Teen Suicide Risk Higher in Families With a Lot of Military Deployments


The link, according to the study, applies specifically to deployments — simply having an active duty family member did not result in increased rates of mental health issues. Researchers also found a surprisingly high baseline of reported mental health issues among students in families (even non-military families) without multiple deployments. As The Los Angeles Times notes, 29 percent of teens reported feeling sad or hopeless some time in the past year, and 22 percent of teens reported depression symptoms in the past month. 

Add one military deployment of a family member in the past decade, and that rate rises to 35 percent for sad and hopeless feelings in the past year, with 24 percent reporting depression symptoms in the past month. Multiple deployments raises those rates again, to 37 percent and 28 percent, respectively. Those changes are statistically significant. When asked whether they'd seriously thought about committing suicide in the past year, 18 percent of teens with no deployments in their family said they had. Twenty-three percent with a single family deployment said yes, along with 25 percent with multiple deployments. The difference between the lowest and highest rate is considered statistically significant.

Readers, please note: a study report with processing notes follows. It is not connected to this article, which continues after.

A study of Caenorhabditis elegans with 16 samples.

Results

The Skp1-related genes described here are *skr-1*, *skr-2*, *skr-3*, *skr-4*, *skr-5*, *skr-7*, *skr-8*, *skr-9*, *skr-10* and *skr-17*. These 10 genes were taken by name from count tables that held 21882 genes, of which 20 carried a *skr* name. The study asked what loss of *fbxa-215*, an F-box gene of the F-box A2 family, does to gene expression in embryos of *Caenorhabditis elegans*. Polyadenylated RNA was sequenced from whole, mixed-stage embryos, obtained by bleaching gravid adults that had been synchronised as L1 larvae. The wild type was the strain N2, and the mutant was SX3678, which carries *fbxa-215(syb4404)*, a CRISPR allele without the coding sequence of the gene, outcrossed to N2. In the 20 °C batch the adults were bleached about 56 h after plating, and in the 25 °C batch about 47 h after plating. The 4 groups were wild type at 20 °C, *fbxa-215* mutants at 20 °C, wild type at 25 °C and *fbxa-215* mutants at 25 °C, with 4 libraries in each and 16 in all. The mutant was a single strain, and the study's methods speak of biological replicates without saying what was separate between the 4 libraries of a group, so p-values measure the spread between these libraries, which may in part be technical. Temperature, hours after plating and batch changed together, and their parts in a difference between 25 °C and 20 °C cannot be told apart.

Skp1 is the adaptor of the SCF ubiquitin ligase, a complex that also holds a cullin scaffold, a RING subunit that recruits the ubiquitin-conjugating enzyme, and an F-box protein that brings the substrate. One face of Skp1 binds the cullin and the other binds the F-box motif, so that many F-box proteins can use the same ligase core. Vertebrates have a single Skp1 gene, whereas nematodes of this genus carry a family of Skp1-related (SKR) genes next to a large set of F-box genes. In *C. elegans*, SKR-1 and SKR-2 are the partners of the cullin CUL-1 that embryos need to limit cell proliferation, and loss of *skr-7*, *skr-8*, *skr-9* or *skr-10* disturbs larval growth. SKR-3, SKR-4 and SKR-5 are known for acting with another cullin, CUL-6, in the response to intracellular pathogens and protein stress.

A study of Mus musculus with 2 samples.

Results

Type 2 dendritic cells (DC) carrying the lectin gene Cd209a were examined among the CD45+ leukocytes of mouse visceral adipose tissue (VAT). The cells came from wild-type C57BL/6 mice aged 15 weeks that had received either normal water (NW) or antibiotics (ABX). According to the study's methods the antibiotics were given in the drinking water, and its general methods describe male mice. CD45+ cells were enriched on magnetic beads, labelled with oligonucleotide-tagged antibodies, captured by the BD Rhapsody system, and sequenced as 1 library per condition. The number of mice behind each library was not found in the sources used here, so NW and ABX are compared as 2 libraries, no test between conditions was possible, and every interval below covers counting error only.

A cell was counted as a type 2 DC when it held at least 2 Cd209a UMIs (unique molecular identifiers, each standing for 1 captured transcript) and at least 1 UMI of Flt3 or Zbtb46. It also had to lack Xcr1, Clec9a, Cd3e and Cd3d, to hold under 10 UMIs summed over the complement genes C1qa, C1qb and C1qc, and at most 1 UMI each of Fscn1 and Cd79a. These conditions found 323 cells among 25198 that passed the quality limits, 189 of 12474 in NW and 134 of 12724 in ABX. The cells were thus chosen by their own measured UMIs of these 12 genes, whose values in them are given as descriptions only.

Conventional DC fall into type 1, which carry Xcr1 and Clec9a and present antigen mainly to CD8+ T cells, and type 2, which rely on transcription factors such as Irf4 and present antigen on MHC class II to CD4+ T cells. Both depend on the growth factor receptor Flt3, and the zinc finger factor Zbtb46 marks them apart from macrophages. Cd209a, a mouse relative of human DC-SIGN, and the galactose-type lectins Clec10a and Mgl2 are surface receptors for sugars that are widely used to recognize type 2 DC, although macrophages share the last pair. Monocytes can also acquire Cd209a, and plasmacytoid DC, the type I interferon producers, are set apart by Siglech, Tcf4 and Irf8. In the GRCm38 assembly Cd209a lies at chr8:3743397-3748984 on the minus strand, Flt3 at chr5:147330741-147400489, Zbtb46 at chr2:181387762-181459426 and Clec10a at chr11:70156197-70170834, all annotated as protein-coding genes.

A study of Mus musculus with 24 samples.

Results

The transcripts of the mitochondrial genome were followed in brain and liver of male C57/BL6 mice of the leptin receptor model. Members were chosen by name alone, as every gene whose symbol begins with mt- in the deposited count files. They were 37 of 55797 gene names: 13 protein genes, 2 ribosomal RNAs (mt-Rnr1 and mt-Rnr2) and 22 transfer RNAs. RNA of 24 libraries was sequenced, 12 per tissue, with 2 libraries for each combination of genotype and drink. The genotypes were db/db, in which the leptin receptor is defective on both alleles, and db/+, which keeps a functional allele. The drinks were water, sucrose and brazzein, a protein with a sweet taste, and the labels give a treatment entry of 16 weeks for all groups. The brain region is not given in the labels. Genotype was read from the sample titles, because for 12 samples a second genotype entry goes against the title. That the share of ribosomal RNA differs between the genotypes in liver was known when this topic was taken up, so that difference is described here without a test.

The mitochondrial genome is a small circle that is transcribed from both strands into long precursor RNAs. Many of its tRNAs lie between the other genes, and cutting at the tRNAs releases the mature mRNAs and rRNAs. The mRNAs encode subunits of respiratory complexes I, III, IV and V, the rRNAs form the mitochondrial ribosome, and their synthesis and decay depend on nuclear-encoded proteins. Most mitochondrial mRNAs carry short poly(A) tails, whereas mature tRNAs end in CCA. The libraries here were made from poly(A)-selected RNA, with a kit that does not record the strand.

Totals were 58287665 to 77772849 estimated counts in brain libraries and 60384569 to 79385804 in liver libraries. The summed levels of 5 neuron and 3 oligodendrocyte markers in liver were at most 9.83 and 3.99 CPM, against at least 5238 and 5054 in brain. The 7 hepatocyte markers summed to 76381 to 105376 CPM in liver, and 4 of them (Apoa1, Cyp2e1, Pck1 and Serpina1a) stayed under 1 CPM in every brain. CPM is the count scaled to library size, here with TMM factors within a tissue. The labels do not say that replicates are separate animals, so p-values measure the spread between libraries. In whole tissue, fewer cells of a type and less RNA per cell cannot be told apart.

In recent years, the Department of Defense has tried to reduce the rate of suicides among active duty service members after what many termed an "epidemic." In 2012, there were more reported suicides than there were combat deaths, but that rate dropped by 22 percent this year, after a handful of new military programs were implemented to target the problem. 

This article is from the archive of our partner The Wire.